Protected Trees – Ignore at Great Cost!
On 16 October 2019 a developer was fined £300,000 after deliberately removing a 176 year-old giant redwood tree, in addition to 69 other protected trees, in Swansea and on 31 December 2019 an owner in Chelmsford was fined £61,000 for damaging a tree in a conservation area after consent to carry out the works was refused.
The level of these fines evidences the importance of protecting trees and woodland in England and the severe punishment which can be imposed by the Courts in the event of a breach of the rules. This article considers the ways in which trees can be protected by a local planning authority and the consents which may be required before works may be carried out to any protected tree.
The local planning authority has the power to make a Tree Preservation Order ("TPO") to protect any tree, group of trees or woodland where it is "in the interests of amenity". Where a TPO is imposed, works cannot be carried out to the tree or trees subject to the TPO without the local planning authority's prior written consent.
The works protected by a TPO include:
- Cutting down;
- Willful damage; or
- Willful destruction. There are a number of exemptions, which if applicable, permit works to be carried out without the local planning authority's consent. Exemptions include dead trees and branches and dangerous trees and branches. However, the local planning authority may still need to be notified of the works and the exemptions are strict which means that the local planning authority could still challenge the exemption and seek an injunction from the Court to prevent the works going ahead if it does not believe the exemption applies. Accordingly, we would always advise that advice is obtained from a specialist aboriculturist before any works are carried out without express consent and the Council is approached if necessary for written confirmation that the exemption applies.
Where a tree is protected, an application must be made to the local planning authority using its standard application form. Any person can apply for consent; the application does not need to be made by the landowner, although we would always advise that a landowner is notified of an application as the local planning authority may consult with the owner prior to determining the application. The application must be made in the requisite form and must include a detailed plan which shows the trees to which the application relates. The application should also state the reason for the application together with any other evidence or information which would support the application.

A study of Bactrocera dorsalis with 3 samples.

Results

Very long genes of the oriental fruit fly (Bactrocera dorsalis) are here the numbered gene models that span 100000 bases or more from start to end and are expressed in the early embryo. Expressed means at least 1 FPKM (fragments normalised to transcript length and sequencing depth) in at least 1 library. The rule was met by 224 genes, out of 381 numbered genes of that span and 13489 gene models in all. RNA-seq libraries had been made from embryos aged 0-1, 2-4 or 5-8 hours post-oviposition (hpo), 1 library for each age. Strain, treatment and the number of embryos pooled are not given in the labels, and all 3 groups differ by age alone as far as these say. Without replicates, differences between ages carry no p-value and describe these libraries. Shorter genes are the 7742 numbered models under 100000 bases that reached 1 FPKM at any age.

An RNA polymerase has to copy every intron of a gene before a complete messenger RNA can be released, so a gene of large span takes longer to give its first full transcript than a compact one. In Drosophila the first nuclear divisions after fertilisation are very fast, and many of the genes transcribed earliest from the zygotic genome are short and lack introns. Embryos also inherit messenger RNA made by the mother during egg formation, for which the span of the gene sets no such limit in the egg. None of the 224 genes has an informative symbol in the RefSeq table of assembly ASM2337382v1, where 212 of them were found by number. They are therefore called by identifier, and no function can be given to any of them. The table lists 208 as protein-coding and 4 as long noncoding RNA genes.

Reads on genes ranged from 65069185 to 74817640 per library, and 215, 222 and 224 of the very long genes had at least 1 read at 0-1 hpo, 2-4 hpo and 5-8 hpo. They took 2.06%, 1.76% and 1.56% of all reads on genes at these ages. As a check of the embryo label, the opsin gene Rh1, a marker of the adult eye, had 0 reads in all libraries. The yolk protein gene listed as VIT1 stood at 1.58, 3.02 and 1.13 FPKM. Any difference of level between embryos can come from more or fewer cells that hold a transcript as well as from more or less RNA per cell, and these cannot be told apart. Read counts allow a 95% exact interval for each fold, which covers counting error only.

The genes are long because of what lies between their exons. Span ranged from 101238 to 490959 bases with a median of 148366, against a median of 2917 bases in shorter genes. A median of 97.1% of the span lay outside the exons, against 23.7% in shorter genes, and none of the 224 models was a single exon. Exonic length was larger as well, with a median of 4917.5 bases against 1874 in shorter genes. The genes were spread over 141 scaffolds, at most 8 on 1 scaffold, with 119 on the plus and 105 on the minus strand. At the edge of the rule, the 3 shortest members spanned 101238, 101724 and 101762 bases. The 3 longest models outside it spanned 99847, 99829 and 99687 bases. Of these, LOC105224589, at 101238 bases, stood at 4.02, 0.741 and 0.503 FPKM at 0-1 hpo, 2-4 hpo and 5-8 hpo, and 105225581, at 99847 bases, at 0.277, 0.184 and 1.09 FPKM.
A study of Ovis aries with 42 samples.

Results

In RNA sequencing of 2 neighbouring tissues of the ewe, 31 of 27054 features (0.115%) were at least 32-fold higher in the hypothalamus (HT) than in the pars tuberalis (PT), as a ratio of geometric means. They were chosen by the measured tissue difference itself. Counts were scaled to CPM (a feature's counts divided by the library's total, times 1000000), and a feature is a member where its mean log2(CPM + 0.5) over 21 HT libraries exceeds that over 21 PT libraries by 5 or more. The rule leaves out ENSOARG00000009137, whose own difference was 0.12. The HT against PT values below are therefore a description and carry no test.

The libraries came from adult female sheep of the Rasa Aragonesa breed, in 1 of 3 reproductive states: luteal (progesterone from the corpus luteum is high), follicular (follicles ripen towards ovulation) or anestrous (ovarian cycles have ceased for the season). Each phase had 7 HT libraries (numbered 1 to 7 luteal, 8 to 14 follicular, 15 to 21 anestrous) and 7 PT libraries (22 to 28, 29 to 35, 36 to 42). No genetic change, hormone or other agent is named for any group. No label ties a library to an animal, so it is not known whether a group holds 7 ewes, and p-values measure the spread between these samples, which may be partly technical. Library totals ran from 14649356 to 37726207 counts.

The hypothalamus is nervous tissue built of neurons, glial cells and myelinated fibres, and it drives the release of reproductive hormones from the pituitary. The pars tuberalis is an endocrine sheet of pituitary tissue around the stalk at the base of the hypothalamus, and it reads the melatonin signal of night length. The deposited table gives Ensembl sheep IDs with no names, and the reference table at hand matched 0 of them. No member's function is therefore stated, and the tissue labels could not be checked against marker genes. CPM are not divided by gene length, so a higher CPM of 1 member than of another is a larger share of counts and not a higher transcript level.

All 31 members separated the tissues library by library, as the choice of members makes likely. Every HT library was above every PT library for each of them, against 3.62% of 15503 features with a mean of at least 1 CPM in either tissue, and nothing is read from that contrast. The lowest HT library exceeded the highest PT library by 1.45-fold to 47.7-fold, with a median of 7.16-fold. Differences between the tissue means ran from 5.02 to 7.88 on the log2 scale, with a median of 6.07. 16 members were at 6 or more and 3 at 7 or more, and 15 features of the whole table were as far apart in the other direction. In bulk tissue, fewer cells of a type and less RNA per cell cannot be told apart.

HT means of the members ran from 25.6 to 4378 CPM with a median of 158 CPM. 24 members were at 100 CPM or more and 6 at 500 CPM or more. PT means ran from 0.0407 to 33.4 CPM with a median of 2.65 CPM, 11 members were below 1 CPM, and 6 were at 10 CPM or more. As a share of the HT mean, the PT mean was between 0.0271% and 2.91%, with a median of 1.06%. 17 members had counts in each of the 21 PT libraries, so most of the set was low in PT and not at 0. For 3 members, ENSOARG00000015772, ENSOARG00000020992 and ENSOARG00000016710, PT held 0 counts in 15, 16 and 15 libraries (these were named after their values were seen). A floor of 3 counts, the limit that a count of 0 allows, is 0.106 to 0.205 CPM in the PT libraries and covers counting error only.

The local planning authority has 8 weeks to determine an application and can grant the consent with or without conditions. As with planning applications, there is a right of appeal against a refusal, non-determination or the grant of consent subject to conditions.
Unless an alternative date is set out within the consent, any consent will be valid for 2 years. Accordingly, any owner or developer must ensure that any works are completed within the time limit otherwise a fresh application for consent must be submitted.
Further protection is also given to trees situated in a conservation area, i.e. "an area of special architectural or historic interest, the character or appearance of which it is desirable to preserve or enhance". Where a tree is subject to a TPO within a conservation area then the TPO procedure above applies. However, where a tree is not subject to a TPO, the trees are also protected and additional requirements are imposed.
If an owner or developer wishes to remove a tree in a conservation area, then the local planning authority must be notified 6 weeks before the works are carried out to give the local planning authority the chance to make a TPO on the tree or trees. Once the local planning authority receives a notice, the local planning authority has the power to impose a TPO (whereby the procedure set out above will apply), permit the works to be carried out or do nothing.
The application must identify the trees to which the works relate and the proposed works which are to be carried out together with any supporting information or evidence. Again, there is a standard form of application available but this does not have to be used.
If the local planning authority does not respond to the notice or grants approval to the works, then the applicant may proceed to carry out the works. Again, the works must be carried out within 2 years of the date of the approval or expiry of the notice period (as appropriate) otherwise a new notice would need to be submitted.
A breach of these rules can lead to criminal liability and the penalties for contravening the above rules are strict, with the Magistrates Court having the power to fine up to £20,000 and the Crown Court having the power to impose an unlimited fine. It is therefore critical that any landowner or developer considers whether a tree is subject to a TPO or is situated in a conservation area before carrying out any works, and if so, applies for consent or serves notice (as applicable) prior to the commencement of such works otherwise the penalties could be huge.
This article is for general guidance only. It provides useful information in a concise form. Action should not be taken without obtaining specific legal advice.